The summer of 2018 saw wildfires, power outages, and buckling roads and railways. Scientists put the blame on climate change.

The summer of 2018 in Europe, North America and Asia was blistering. People died from the scorching heat. Roads and train tracks cracked. Power fizzled. Wildfires erupted.

In Switzerland, climate researcher Martha Vogel found relief by swimming in Lake Zurich. But trying to work in her south-facing office without air conditioning became a real challenge.

She left the windows open at night and closed the shutters against the sun during the day, making conditions a bit more tolerable. Her building was near the lake, which also helped. But the experience left her convinced it was important “to investigate the 2018 event from a climate perspective,” she said.

She and her colleagues at ETH, a science, technology, engineering and mathematics university in Zurich, found the size and number of simultaneous heat waves in the summer of 2018 is the result of human-caused climate change.

“The occurrence of such extraordinary global-scale heat waves did not occur in the past, and cannot [otherwise] be explained,” Vogel said. The researchers presented their findings recently at a meeting of the European Geosciences Union in Vienna. Their paper is under review by the journal Earth’s Future.

We can conclude that a 2018-like event could have not have occurred without human-induced climate change.

Martha Vogel, climate researcher, ETH

Numerous countries wilted under the sweltering temperatures last summer, among them the United States, Canada, Russia, Japan, South Korea and large portions of Europe. The Zurich researchers focused on cities and farming regions of the Northern Hemisphere, aware that hot temperatures threaten both people and the crops upon which they depend.

The study authors began by combing through the news for stories about heat waves in 2018, cataloguing the many ways that high temperatures imperilled locals. They found reports of heat strokes in Japan, as well as wildfires in Canada, the United States, Scandinavia, Greece, Russia and South Korea. In Switzerland and Germany, farmers saw crops wither, and in the UK, engineers watched train tracks buckle.

Next, the researchers examined the last 60 years of temperature data to determine how many of the regions studied endured extreme heat at any one time. Between May and July of 2018, Vogel said, heat waves simultaneously afflicted one-fifth of the area studied. Historically, heat waves never covered an area of that size.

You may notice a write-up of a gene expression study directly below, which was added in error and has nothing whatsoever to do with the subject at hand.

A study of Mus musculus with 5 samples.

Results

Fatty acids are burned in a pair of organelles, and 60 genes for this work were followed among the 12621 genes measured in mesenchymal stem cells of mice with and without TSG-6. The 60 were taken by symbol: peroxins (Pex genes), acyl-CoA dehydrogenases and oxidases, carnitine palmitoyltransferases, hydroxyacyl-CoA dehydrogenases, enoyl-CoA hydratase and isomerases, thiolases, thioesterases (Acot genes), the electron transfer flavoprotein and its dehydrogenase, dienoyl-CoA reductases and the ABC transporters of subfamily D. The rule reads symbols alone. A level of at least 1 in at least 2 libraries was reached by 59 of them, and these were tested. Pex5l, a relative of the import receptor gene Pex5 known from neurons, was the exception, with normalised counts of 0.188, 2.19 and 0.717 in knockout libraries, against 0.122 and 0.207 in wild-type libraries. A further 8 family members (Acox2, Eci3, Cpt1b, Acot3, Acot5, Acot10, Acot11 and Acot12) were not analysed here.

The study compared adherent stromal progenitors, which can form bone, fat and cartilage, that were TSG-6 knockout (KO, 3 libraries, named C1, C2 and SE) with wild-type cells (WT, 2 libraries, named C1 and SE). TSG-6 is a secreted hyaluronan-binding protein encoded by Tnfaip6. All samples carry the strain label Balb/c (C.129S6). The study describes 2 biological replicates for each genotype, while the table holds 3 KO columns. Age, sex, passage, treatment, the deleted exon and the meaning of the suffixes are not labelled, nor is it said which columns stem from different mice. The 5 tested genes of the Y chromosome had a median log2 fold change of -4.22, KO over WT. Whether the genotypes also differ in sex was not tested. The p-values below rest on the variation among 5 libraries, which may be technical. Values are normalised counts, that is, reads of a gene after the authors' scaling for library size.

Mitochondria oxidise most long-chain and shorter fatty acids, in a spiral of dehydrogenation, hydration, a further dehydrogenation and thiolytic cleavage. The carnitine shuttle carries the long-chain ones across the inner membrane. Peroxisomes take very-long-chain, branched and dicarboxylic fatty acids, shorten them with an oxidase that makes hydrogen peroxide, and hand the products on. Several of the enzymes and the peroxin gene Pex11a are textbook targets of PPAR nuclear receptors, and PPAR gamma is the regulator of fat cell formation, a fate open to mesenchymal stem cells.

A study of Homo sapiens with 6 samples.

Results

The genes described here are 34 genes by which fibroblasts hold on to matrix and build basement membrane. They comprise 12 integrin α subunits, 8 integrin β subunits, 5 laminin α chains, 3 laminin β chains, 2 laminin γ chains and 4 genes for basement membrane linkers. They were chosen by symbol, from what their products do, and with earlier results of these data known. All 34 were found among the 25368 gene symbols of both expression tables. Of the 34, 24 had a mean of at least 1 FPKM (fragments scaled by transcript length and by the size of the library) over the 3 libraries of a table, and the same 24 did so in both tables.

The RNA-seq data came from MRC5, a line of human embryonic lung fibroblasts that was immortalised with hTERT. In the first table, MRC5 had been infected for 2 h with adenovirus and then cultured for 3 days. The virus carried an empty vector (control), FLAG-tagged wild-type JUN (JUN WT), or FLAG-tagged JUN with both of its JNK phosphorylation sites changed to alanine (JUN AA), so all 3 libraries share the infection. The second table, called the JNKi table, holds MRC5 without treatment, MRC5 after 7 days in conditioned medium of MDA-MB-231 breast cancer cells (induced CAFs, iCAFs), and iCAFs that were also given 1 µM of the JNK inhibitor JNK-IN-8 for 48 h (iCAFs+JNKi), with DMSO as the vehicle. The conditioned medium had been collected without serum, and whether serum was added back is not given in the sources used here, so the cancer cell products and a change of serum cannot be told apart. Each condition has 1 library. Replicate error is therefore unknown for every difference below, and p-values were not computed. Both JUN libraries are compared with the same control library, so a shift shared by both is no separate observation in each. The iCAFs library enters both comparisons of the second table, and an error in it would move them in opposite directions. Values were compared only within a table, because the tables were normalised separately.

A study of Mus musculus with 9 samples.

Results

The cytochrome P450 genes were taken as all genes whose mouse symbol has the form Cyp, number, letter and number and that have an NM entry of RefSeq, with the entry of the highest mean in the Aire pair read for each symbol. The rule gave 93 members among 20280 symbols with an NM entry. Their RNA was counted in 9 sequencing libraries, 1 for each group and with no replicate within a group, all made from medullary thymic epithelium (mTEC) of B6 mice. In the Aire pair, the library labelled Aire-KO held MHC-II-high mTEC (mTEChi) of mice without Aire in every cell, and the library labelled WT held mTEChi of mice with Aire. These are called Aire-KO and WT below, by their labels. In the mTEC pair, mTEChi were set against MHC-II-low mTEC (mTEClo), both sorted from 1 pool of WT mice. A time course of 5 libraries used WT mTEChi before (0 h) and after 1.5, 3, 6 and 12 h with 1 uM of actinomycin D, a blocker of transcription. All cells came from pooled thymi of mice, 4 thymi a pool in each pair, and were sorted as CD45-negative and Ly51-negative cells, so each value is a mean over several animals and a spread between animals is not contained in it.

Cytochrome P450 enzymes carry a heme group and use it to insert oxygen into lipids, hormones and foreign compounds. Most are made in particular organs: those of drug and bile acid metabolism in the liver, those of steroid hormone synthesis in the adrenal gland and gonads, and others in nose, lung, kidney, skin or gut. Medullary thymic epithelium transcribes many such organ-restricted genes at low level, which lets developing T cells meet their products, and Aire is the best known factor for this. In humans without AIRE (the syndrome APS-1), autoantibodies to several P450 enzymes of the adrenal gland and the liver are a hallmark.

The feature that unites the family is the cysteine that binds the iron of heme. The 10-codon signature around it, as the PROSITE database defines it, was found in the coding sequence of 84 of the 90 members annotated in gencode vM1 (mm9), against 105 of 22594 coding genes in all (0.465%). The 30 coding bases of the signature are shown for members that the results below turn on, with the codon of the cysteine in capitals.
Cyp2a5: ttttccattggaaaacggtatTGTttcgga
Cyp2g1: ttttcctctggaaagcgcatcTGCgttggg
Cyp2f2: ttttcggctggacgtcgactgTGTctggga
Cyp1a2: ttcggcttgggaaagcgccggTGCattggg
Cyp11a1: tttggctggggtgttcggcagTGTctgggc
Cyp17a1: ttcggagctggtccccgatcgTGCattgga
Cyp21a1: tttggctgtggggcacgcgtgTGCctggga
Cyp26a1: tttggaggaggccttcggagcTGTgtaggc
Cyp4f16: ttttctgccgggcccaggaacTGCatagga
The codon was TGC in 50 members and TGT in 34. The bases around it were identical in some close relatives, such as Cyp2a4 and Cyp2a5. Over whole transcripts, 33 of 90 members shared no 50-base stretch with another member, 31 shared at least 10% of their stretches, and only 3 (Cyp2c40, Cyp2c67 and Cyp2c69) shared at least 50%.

Finally, the researchers asked what role humans played in the scorching temperatures. To answer this, they used a climate model to calculate the probability of such heat waves, both in today’s carbon-rich climate and in the historical climate, which sported less heat-trapping carbon dioxide. Simultaneous heat waves of the size and ferocity seen in 2018 did not materialise in the historical simulation. They only appeared in the simulation of today’s climate. “Hence, we can conclude that a 2018-like event could have not have occurred without human-induced climate change,” Vogel said.

She said the trends are alarming, noting that more frequent, simultaneous heat waves will almost certainly have serious consequences for public health and the ability of nations to protect roads and railways and to fight wildfires. In Scandinavia last summer, for example, some countries asked for emergency assistance to cope with the wildfires, a situation Vogel said could become dire if several countries are fighting wildfires at the same time and can’t help each other.

Moreover, if simultaneous heat waves take a heavy toll on agriculture, the results could provoke instability in global food markets, Vogel said. In 2010, for example, Russia imposed a ban on all wheat exports as a result of a record heat wave — the highest temperatures seen in 130 years — that impaired the country’s grain crop and caused grain prices to skyrocket.

Finally, the study models found as temperatures rise, heat waves like those seen in 2018 will become regular summer features. Since the preindustrial era, temperatures have warmed just 1 degree C. With that amount of warming, humans can expect such heat waves roughly once every six years. If temperatures warm by 1.5 degrees C, an improbably optimistic scenario, 2018-like heat waves will strike once every two or three years. And, if temperatures warm by 2 degrees C, which is only slightly less optimistic, such heat waves will descend on the Northern Hemisphere roughly every year.

This story was published with permission from Nexus Media.